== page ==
In “Order on the Edge of Chaos: Social Psychology and the Problem of Social Order,” Professor Edward J. Lawler and co-authors buck top-down social theory.
“Our book argues that the sources of social order and stability are to be found at the micro level, in social interactions where people do things together,” Lawler said. “We’re saying the actions of each other are essential.”
A sociologist who is ILR’s Martin P. Catherwood Professor of Industrial and Labor Relations, he sees order as springing from small units to larger ones – from one’s team versus the larger organization, for example.
“Who am I within my team? It’s how you define who you are that determines what you do. Identities can’t get set unless they are affirmed by others,” Lawler said.
“When positive vibes are created within the team, those tend to rub off on the larger organization.”
In other words, if the people you work with day to day make you feel good about yourself and what you do, you will probably feel more positive about the larger organization, Lawler said.
If your teammates identify with the larger organization by wearing its branded sportswear, their garment choices probably emanated from good feelings bubbling up from your unit, he said. It’s doubtful they trickled from the top.
Here’s why: human interaction at personal levels begets emotions, which lead to shared goals and responsibilities, explain Lawler and co-authors Shane R. Thye, University of South Carolina, and Jeongkoo Yoon, EWHA Women's University, South Korea.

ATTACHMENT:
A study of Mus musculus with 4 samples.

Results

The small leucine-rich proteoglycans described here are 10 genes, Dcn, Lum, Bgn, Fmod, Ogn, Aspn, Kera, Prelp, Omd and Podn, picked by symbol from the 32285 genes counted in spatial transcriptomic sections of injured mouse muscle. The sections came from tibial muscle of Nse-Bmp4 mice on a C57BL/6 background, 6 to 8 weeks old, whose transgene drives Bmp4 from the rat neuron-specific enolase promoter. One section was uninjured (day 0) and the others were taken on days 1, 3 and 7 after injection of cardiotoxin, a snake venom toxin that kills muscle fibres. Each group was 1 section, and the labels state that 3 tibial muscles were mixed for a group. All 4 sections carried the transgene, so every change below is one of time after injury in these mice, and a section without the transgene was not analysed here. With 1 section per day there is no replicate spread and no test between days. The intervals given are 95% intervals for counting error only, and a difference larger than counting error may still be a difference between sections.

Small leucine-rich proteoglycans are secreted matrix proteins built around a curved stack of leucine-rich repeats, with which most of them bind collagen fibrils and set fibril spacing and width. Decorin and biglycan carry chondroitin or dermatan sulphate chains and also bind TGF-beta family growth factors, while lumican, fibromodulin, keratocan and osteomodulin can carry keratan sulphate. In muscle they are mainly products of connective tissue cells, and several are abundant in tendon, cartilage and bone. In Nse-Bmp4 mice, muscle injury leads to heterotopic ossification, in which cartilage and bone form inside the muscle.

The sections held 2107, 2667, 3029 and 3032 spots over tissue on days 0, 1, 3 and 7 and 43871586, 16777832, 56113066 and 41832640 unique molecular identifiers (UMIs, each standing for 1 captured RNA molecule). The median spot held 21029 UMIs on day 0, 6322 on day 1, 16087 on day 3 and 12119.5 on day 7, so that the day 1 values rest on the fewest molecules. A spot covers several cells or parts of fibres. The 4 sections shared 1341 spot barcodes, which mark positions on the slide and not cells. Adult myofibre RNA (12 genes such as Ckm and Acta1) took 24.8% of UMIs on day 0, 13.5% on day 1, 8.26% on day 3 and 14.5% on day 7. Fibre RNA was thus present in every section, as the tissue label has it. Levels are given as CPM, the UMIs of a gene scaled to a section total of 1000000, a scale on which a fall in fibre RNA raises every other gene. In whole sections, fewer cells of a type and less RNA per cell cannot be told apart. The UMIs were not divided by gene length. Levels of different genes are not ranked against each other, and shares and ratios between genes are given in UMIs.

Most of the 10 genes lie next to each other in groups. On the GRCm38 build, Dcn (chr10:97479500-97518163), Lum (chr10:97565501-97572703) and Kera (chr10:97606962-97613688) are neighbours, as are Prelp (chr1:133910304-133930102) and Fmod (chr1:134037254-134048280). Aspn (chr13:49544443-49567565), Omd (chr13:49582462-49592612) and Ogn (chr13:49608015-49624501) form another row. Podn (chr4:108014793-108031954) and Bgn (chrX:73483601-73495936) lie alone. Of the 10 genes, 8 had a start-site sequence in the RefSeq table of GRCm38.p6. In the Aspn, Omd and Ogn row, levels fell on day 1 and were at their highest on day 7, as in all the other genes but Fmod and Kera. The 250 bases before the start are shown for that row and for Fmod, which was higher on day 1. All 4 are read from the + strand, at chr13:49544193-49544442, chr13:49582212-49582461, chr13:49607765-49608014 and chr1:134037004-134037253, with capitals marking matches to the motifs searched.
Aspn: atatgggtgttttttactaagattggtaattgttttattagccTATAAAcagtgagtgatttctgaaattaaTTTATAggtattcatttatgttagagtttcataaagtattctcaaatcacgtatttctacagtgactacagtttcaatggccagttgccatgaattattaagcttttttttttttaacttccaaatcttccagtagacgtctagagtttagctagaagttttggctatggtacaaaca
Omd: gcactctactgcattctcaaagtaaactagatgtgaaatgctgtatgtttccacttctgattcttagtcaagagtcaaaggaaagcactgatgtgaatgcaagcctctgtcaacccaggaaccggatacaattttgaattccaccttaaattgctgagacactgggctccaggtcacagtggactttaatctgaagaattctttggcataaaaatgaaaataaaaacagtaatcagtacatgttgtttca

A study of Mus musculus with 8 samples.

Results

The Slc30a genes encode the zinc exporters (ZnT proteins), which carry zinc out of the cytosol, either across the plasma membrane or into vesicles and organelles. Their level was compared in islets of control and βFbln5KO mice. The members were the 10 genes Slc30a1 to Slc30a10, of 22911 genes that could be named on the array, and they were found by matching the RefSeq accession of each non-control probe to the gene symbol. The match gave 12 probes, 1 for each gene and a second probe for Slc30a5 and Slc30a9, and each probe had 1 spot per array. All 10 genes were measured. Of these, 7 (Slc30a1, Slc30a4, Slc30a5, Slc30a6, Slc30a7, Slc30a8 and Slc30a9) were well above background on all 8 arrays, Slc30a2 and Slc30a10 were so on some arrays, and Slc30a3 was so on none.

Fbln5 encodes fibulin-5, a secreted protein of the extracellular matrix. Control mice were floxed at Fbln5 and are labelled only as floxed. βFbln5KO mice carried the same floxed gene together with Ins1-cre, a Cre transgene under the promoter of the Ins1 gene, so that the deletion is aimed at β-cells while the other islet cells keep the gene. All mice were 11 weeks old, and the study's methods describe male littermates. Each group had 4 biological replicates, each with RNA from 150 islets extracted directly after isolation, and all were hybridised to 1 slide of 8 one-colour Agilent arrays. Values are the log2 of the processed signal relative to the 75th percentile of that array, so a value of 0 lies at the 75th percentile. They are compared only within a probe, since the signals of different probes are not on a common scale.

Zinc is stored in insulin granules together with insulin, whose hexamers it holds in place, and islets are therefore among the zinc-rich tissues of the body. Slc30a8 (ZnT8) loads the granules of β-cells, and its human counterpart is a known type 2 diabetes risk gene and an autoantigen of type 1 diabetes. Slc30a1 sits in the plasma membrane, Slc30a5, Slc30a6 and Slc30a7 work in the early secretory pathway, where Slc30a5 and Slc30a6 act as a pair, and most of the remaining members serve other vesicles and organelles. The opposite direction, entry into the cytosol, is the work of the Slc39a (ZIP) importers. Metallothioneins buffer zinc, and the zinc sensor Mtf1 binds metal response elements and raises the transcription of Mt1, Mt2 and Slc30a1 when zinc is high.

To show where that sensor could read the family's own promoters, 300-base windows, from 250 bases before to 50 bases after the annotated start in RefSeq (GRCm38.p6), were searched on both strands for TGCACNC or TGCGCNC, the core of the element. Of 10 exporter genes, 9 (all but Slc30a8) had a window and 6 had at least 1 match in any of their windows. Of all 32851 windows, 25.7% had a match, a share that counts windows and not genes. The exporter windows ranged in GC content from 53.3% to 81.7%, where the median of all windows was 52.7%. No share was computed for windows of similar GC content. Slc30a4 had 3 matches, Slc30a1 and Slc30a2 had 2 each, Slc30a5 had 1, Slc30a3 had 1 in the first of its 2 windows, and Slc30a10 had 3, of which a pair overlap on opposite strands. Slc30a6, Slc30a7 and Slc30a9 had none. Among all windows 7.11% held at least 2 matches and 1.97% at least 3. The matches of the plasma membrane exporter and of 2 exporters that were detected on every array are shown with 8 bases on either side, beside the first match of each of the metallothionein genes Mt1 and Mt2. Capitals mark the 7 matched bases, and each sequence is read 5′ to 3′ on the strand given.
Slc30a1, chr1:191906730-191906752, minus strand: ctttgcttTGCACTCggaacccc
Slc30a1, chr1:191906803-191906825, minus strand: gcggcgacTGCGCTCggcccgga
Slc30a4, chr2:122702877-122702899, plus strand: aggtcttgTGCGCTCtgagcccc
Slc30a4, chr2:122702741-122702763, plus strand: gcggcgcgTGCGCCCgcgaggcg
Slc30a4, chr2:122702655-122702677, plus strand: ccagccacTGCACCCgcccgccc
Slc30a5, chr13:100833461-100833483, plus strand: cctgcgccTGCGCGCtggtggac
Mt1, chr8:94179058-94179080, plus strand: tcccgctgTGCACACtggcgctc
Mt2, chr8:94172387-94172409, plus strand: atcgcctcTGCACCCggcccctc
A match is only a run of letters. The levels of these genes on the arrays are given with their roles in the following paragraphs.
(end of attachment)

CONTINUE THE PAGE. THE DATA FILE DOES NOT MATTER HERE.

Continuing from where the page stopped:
That person-to-person interchange forms a foundation for making possible a sense of order within the larger organization, according to their Cambridge University Press book, published in December.
Most economists, sociologists and political scientists answer the classic “how is social order possible” question posed by Thomas Hobbes, English Enlightenment philosopher, differently than Lawler and his co-writers.
While not flatly rejecting the prevailing theories of order being driven from the top, Lawler said his book suggests that the top-down idea is more limited than typically assumed by social scientists.
James Moody, the Robert O. Keohane Professor of Sociology at Duke University, said the book takes on deep questions at the root of classical social theory.
“The results speak to questions of power, identity, stability, meaning, morals and more. The work will be a key resource for students in social theory courses and professional sociologists seeking to answer big questions in a rigorous manner.”
The book’s message might also provide solace for individuals finding it challenging to create and sustain order in organizations, communities and everyday lives; order is within our grasp.